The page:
By Taylor Haelterman
Growing public concern about shrinking sunfish sizes led to lower daily harvest limits across Minnesota this year.
Avid angler Ron Schara has noticed a decrease in bluegill size over time.
“Minnesota has had a problem for maybe 20 years or more,” Schara said. “A lot of our lakes have bluegills that are no bigger than a silver dollar.”
The new regulations seek to resolve this issue by lowering the number of fish anglers can take home each day at 94 lakes and streams, adding to the 57 that already had reduced limits, according to the Minnesota Department of Natural Resources.
Almost half of the new waters have a daily limit of five sunfish, a third have a limit of 10 and the rest allow either five sunfish and five crappies or 10 sunfish and five crappies.
The inland water possession limit is still 20 sunfish per angler. So a person can catch the daily limit and return the next day to fish again, as long as they don’t exceed the possession limit of 20 fish, said David Weitzel, a fisheries area supervisor for the Minnesota Department of Natural Resources.
Bluegill, pumpkinseed, green sunfish, orange-spotted sunfish, longear, warmouth and their hybrids all fall under the category of sunfish, according to the Minnesota Department of Natural Resources.
About 16 million sunfish are harvested in the state every year, making them the most caught fish in Minnesota, said Weitzel who is also co-chair of the department’s panfish technical committee.
This popularity is part of the reason smaller limits are needed.
“Over time all of that harvest has had an impact on the fish’s biology and their size quality,” Weitzel said. “Over the last couple of decades in particular we’ve had anglers tell us there just doesn’t seem to be the big sunfish that they remember catching a couple of decades ago.”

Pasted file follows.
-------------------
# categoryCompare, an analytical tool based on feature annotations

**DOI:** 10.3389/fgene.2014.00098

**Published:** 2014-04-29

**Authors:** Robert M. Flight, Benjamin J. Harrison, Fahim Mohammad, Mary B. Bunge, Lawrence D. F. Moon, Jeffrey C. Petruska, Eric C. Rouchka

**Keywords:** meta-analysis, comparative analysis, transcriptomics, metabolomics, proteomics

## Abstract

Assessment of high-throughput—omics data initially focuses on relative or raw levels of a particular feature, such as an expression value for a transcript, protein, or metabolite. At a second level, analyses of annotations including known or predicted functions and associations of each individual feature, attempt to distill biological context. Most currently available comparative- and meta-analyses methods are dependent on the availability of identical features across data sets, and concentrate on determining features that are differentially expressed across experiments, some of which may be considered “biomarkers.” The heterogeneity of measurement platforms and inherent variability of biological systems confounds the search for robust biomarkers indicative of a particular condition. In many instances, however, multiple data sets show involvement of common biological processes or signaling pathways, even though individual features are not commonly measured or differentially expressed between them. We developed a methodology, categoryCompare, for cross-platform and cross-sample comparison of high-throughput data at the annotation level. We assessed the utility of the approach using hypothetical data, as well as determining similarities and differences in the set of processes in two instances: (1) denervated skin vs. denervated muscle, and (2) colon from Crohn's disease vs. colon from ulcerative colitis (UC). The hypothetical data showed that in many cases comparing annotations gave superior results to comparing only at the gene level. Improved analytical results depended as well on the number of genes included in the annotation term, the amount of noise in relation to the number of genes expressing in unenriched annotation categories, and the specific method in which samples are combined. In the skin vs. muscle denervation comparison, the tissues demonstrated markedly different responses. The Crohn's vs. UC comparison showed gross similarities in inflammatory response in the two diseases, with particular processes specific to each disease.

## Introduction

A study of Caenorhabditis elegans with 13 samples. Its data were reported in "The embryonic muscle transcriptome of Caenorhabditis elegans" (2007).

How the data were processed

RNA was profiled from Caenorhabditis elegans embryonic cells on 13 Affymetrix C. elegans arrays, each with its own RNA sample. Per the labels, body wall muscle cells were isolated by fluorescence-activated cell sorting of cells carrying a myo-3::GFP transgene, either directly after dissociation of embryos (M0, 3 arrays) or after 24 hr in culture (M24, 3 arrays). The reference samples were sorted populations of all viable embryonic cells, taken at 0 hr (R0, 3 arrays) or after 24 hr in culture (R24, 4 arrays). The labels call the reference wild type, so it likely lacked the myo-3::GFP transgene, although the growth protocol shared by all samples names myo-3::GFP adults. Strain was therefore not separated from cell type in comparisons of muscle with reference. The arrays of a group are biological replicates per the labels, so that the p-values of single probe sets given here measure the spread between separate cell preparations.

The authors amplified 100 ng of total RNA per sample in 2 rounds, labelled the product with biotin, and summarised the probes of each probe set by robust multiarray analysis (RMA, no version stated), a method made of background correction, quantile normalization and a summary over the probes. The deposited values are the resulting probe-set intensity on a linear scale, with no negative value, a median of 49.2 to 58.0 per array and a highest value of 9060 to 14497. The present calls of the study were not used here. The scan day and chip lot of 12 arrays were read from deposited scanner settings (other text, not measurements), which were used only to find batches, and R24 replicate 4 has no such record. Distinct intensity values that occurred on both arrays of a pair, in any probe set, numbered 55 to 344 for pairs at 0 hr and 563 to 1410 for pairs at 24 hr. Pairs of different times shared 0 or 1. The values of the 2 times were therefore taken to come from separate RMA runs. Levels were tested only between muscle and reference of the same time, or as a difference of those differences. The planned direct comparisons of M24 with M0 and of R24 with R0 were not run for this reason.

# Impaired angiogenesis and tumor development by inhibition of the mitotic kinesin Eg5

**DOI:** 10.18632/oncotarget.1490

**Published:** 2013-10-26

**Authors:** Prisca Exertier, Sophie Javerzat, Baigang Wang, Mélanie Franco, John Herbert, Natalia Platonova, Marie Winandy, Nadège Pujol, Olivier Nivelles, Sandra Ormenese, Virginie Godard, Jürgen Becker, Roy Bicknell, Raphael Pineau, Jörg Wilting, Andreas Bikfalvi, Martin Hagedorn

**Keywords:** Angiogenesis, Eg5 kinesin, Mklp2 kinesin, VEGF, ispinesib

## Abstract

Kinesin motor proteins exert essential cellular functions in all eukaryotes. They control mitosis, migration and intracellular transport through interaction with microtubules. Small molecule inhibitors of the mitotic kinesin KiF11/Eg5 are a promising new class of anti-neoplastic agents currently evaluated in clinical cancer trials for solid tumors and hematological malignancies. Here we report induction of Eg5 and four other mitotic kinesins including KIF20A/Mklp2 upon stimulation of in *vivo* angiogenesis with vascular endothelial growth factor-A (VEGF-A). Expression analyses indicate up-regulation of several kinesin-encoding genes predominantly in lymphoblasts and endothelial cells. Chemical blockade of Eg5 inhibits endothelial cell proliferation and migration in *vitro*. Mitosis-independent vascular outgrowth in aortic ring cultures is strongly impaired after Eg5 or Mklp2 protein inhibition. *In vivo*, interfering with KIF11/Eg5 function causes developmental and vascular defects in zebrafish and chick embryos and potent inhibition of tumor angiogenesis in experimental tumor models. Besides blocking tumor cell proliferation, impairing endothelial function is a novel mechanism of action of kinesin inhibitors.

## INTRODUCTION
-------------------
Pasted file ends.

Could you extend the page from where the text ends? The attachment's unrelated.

And sunfish like bluegill grow slow.
The average growth rate for a bluegill in Minnesota is about one inch per year, Weitzel said. In comparison, walleye grow about 14 inches in four years.
Growing a trophy bluegill can take eight to 10 years, he said.
The Department of Natural Resources analyzed which lakes would benefit from a regulation change after deciding a statewide limit was unnecessary. Not all lakes have the potential to grow large sunfish, Weitzel said.
Based on past research, the agency determined a limit of 10 fish per day could protect the good fishing a lake already had, and a limit of five could improve fishing quality by allowing the fish time to grow.
After 10 years the state will evaluate the lakes again to see if the limits are effective, and ask for public comment before deciding whether to extend them.
Public opinion on the change is mostly positive. Of the 3,700 anglers who voiced their opinions in an online survey and meetings, about 85% were in support of the plan, Weitzel said.
Schara is the president of the Minnesota Sportfishing Foundation and Coalition, a non-profit organization that represents anglers in public policy.
The organization has not taken a stance on the new regulations yet, but Schara said he’s heard a mix of responses from other anglers — some in support of lower limits and some saying 5 fish per day isn’t enough for a meal.
“If you look at fishing regulations all over the country the book is thicker (in Minnesota),” he said. “And some people reject that as too many rules, restrictions, on a sport that’s supposed to be put your feet up on a gunnel, relax, listen to a ball game and watch your bobber go down.”
Schara said he’s not sure if the new limits will work, but he’s sympathetic towards them. They have to try something because more anglers are more skilled at sharing information and more restrictions are needed to maintain the fish for everyone, he said.
Sunfish harvesting limits vary across the Great Lakes region. Ohio and Illinois have no statewide daily limit. Wisconsin and Michigan set the limit at 25 per day. New York and Pennsylvania have a daily limit of 50. And Indiana has a 25 per day limit on redear sunfish but no limit on bluegill.
Like Minnesota, the regulations for every state vary for specific waters and fish classifications. Anglers should check state regulations for the state and lake they are visiting.